Rush Of Federal Policies Back In Discussion That Affect Western Energy Landscape Prior To Election
Several policies that affect the west and the energy landscape here are back in the news, including proposed changes to the National Environmental Policy Act, the Bureau of Land Management Waste Prevention Rule, and the Great American Outdoors Act.
On August 4, President Trump signed the Great American Outdoors Act into law. On July 29, three coalitions of environmental groups filed lawsuits challenging the final NEPA regulations. On July 29, the EPA made changes to how coal ash will be treated, including extending a deadline for discarding the waste in unlined ponds. On July 23, EPA the Nuclear Regulatory Commission signed a Memorandum of Understanding hoping to boost production of uranium.
Hana Vizcarra, staff attorney at Harvard Law School's Environmental & Energy Law Program, spoke with Wyoming Public Radio's Cooper Mckim about why so much action is happening right now.
Hana Vizcarra: Well, this is really the culmination of a three to four year long effort by this administration to review, rescind and revise prior rules, and it's a long process to do that. It takes some effort. And so some of these things are really just now coming to fruition and some of them had some false starts along the way.
EPA [U.S. Environmental Protection Agency] and Department of Interior both sort of went through these processes of suspending, attempting to suspend, delay and revise rules very quickly when new appointees came in, but the courts didn't necessarily like the process they took. And some of the rules now that are really just now getting substantively revised, or if they were finalized earlier in the term, are just now getting through the litigation process.
Cooper McKim: Is there any aspect of everything happening so quickly that has to do with the end of a four year term and getting closer to November?
HV: There's certainly an incentive for any administration to try to complete their biggest priorities early enough in the process to hopefully withstand challenges and get through some of the legal wrangling before they leave office.
CM: Right. Speaking of litigation, the BLM waste prevention rule has been pretty much wrapped up in it nearly since it came around in 2016. It looks to limit greenhouse gas emissions, specifically methane from oil and gas production. For those who don't know, it's now back in discussion after a judge reinstated the rule. Do you think that it's settled here, or will we continue seeing it in limbo?
HV: It's not fully settled yet. The most recent action was that a federal district court judge vacated the rule that the Trump administration put in place instead of the methane waste prevention rule, which was, you know, a near complete rollback of the prior rule. The Obama-era methane waste prevention rule had significant changes in requirements for oil and gas operations around controlling their venting and flaring of gas and requiring new technical reviews and inspections for leaks and… a whole host of things. The rule that was put in place by this administration rolled back much, nearly all of those requirements.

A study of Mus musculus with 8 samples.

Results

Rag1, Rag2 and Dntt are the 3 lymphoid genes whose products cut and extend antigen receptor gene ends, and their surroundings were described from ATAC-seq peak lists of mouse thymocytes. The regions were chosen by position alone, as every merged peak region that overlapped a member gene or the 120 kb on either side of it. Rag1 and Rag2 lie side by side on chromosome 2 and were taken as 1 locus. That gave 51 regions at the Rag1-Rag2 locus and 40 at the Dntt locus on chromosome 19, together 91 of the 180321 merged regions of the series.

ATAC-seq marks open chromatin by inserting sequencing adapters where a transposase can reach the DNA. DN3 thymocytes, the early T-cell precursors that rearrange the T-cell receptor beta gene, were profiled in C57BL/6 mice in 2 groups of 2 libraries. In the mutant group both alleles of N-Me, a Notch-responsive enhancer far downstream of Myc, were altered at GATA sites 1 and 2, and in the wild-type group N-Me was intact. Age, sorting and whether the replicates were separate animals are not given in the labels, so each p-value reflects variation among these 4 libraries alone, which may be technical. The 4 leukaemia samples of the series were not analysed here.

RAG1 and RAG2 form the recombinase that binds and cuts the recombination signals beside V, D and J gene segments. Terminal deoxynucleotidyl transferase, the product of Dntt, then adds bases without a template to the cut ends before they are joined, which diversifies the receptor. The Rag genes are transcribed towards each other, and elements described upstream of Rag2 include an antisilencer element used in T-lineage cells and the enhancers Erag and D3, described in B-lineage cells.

The recent... district court judge just reviewed the roll back, the Trump-era BLM rule and vacated it, which essentially puts back in place the 2016 rule. But it's not over yet, because that rule was in court as well in Wyoming actually, and the case that was challenging the original Obama-era rule has now restarted. So, parties are going to have an opportunity to also consider the the scope of the original rule and whether there is any legal basis to vacate that rule.
CM: And changes to NEPA are obviously, as wonky as it may seem, are very impactful. From energy producers saying they're being weaponized: this policy to slow down projects... to conservationists saying it's the bedrock environmental rule. Can you explain why recent moves were significant and give a little context to this story?
HV: Sure, yeah. NEPA is an incredibly important statute. It underlies our principles for requiring agencies and the government to consider the environmental impacts of their actions. And it's been around for a long time. It's been around since the 70s. And it has not had a lot of it really hasn't had a lot of updates. So what's happened recently is that the this administration and the Council on Environmental Quality… they've put out a final new NEPA regs, and they've made some significant updates. There's a number of changes that really attempt to narrow the scope of what an environmental review would look like from an agency. I think it remains to be seen how it's going to be applied. If they significantly narrow the scope of what they include in their environmental reviews, you're going to see advocacy groups challenge them as insufficient. And if that happens, a court will have to consider whether the new NEPA regs restrict environmental reviews to such an extent that they no longer fulfill the mandate of the NEPA statute.
CM: And then finally, and real quickly, the Great American Outdoors Act, which is widely considered a major step to help repair national parks and help conserve public lands. How do we parse this one in concert with all the other things we're talking about here?
HV: It's long overdue, and it's a reassuring result… it's reassuring that there are still opportunities for bipartisan efforts to move forward on important environmental issues. You know, I think it's gonna benefit our outdoor spaces and our parks. And, you know, it's good to see different factions of Congress were able to come together to support that.
Have a question about this story? Contact the reporter, Cooper McKim, at firstname.lastname@example.org.